Tuesday, February 9, 2010

kiln buildin'

I haven't made any pots in awhile and I'm completely out of clay. I've been wanting to mix some but we've been having lots of rain and below freezing days and I don't care to blunge clay outside in that kind of weather!

My kiln building course meets at 8am twice a week and we've been rained out of our build the last 3 class periods so I bought 2 huge tarps and covered the area so we can keep going. Wouldn't you know it today we had sunny skies but at 8am it was about 24 degrees. So being the slave driver that I am I made them work anyways. We accomplished quite a bit between the four of us(only 3 out of 4 showed up today.) On friday afternoon we snapped chalk lines, ground down high spots in the slab and laid the concrete block. Yesterday I spent time laying a cement board base and mortaring the first course to level(the slab's on a pitch of course.) So here's what we accomplished in freezing weather today:


Here's the temporary brickyard and our classy tarps. The backside of the kiln area backs up to one of the main roads on campus, so I'm just waiting for a complaint. The car kiln is under the tarped area, the salt kiln will be built underneath the hole in the roof.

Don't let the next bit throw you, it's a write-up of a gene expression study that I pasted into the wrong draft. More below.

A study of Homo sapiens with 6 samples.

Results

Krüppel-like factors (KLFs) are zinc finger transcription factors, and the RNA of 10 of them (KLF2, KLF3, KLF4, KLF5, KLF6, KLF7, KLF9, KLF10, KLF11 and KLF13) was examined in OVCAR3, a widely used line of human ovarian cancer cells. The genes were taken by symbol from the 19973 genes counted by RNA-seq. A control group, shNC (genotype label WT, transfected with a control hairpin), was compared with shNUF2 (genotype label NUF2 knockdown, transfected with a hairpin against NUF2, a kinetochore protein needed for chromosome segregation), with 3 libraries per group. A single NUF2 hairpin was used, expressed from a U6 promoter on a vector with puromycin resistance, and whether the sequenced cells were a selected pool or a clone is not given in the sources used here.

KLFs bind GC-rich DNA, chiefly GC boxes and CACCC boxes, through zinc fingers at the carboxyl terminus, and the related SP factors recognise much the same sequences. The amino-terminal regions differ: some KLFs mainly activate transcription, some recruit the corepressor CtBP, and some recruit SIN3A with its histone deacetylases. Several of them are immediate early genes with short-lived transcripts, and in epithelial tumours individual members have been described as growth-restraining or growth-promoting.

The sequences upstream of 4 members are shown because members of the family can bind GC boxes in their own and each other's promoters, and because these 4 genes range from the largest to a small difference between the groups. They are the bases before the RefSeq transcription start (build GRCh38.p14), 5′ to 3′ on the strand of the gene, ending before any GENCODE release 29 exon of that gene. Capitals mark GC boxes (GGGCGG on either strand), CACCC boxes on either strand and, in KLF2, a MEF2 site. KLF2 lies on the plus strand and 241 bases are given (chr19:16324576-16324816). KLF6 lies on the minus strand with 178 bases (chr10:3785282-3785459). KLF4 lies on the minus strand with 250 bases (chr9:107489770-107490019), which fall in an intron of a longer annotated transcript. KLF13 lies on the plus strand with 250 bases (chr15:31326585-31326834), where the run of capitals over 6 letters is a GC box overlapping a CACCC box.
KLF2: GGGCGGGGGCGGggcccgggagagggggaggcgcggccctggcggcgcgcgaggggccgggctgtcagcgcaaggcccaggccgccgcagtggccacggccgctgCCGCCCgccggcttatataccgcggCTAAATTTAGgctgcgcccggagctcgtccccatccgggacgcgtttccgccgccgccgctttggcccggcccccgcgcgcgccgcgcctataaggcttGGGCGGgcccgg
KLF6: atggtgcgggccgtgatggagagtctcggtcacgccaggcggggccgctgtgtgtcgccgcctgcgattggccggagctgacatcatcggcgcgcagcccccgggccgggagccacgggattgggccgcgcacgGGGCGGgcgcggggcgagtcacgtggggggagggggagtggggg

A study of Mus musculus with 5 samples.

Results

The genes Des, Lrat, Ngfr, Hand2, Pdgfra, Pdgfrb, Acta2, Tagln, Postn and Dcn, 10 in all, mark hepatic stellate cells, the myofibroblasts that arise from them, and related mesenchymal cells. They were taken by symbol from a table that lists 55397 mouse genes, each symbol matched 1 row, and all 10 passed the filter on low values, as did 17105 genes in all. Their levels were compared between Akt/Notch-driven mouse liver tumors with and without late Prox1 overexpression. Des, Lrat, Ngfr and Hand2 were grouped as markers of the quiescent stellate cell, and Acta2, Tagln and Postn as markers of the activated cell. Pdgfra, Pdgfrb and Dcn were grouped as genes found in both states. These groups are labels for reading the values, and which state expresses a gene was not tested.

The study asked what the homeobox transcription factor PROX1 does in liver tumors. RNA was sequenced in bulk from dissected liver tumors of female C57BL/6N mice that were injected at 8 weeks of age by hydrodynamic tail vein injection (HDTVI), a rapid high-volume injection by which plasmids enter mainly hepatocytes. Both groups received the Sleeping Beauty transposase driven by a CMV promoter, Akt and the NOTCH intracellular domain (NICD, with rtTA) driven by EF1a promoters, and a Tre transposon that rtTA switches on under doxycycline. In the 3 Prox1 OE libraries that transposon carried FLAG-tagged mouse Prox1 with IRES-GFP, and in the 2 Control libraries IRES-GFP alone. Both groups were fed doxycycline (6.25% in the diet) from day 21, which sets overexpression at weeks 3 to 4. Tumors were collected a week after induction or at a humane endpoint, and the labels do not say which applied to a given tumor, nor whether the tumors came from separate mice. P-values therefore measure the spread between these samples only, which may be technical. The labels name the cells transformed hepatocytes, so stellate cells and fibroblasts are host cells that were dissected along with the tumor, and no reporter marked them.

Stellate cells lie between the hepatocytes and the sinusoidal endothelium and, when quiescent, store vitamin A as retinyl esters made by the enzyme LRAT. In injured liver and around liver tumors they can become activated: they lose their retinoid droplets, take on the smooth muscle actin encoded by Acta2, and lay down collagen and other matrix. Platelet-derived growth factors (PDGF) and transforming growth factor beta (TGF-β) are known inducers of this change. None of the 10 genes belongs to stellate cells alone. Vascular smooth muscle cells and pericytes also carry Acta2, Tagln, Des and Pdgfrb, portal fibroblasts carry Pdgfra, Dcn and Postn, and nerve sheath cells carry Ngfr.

Well, that's all for now. I'm tired. It's dinner time and we're having burgers from the Beehive, come visit and we'll take you there, some of the best food I've ever put in my mouth. It's LOST night, so I'm off!

Cheers!

5 comments:

Ron said...

Kiln's looking good. A burger sounds great! Hummm, maybe lunch tomorrow.

Sue Pariseau Pottery said...

Good progress made inspite of bad weather. They must be hard workers.

www.jeffmartinceramics.blogspot.com said...

thanks for posting brandon. are those two different types of fire brick?

brandon phillips said...

there are actually three different grades of brick. i'm using high duty hardbrick for the burner ports/flu, on the corners where the car meets the wall and in the flame path, because of it's durability. The interior walls from there on up will be 2600 degree insulating brick and it is backed by 2300 insulating brick.

since it's a student kiln that will take a fair amount of abuse and maintenance will be almost non-existent i'm trying to make it as durable as possible without sacrificing efficiency.

MattyT said...

The kiln looks good. I just fired a small redux kiln that I built today and got it up to 10 all around in the first firing!